Photo by Maile Crewdson

As a keiki, one of my favorite childhood memories was building a fairy garden with my ‘ohana. My parents decorated a tree stump with teeny-tiny windows and itty-bitty steps winding around the wood, climbing slightly higher as they went, leading to a fairy-sized door. It was magical. The perfect hale for mythical creatures to come and dwell. This project, along with a handmade giant bubbling volcano (that actually erupted) are things we did together that now, even in my 30s, I look back on with such joy. The quality time, the creativity. Things I strive to cultivate with my own keiki. 

Crafting a summer fairy garden is a project I did with both my six-year-old and four-year-old. Encourage your keiki to walk around your house or street together, gathering items. This is a time to play and notice the various textures, colors, and shapes of rocks, sticks, flowers, and plants they might find. How about asking neighbors if they have any of these items to share? Let these ideas inspire you, there’s not one “right” way to create and you can do this in one day or more. 

  • Medium to large size vessel for your fairy garden
  • Dirt and/or sand to fill your vessel
  • Rocks, of various sizes and colors
  • Twigs
  • Flowers, fresh herbs, or plant cuttings
  • Seashells
  • Popsicle sticks
  • Scissors
  • Paint/paintbrushes
  • Wood Glue
  • Bird Feeder or Wooden House
  • Smooth glass pebbles
  • Moss
  • Colored beads or costume gems
  • Small terracotta pots
  • Ribbons or string
  • Hot glue gun (an adult should help younger keiki)
  • Mod podge for sealing any painted/glued surfaces
  1. Pick a place in your garden or yard for your fairy garden.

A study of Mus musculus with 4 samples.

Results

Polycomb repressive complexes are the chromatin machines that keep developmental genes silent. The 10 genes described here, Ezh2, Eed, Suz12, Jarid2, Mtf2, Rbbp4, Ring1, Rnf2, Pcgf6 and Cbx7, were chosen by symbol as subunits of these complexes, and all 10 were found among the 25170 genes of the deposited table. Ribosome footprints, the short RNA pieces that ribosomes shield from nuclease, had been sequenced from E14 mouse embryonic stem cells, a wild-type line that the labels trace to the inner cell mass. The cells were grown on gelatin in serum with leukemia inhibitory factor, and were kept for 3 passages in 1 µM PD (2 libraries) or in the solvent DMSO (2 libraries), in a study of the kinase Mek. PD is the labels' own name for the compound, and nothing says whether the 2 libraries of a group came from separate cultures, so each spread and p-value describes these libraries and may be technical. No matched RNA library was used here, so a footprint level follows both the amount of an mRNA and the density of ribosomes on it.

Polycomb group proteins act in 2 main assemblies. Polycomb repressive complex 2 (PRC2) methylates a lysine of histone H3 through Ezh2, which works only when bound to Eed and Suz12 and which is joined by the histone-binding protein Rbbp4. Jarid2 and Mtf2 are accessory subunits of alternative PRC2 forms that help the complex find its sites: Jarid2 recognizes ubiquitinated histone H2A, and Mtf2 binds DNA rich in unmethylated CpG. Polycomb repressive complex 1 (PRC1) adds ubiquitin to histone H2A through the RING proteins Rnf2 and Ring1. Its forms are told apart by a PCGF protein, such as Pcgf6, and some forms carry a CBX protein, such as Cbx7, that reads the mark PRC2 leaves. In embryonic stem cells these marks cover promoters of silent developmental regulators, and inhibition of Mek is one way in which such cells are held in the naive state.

2. Set out your vessel (can be a wood/ceramic planter pot or box or wicker basket, ideally with small drainage holes) and fill it with dirt or sand. *If space allows, you can always forgo a vessel. 
  3. Visualize the space and how you would like to set up your fairy garden. Keiki can practice drawing sketches of where they want things to go and what they hope it will look like.
  4. Once you have a rough plan, set out paints and craft items and allow keiki to make the fairy home out of twigs, popsicle sticks, or a bird feeder. Gems, pebbles, sticks, or moss can all be glued onto the fairy home. Let your keiki’s imagination be their guide. 
  5. Create fairy “furniture” such as tables and chairs, ladders or bridges, etc. to help tell the story of this space. 
  6. Anchor the fairy home and furniture throughout your space, by pressing it into the dirt or sand. You can weave rocks in a pathway or make a stream out of blue-colored glass, as an idea. Likewise, little sprigs of fresh rosemary look like miniature trees.

Maile Crewdson is a local mom of three young keiki with life-threatening food allergies. Born and raised in upcountry Maui, Maile embraces motherhood wholeheartedly, in its beauty and challenges. Find her online at @littlemauifamily and @cyrusbakingco.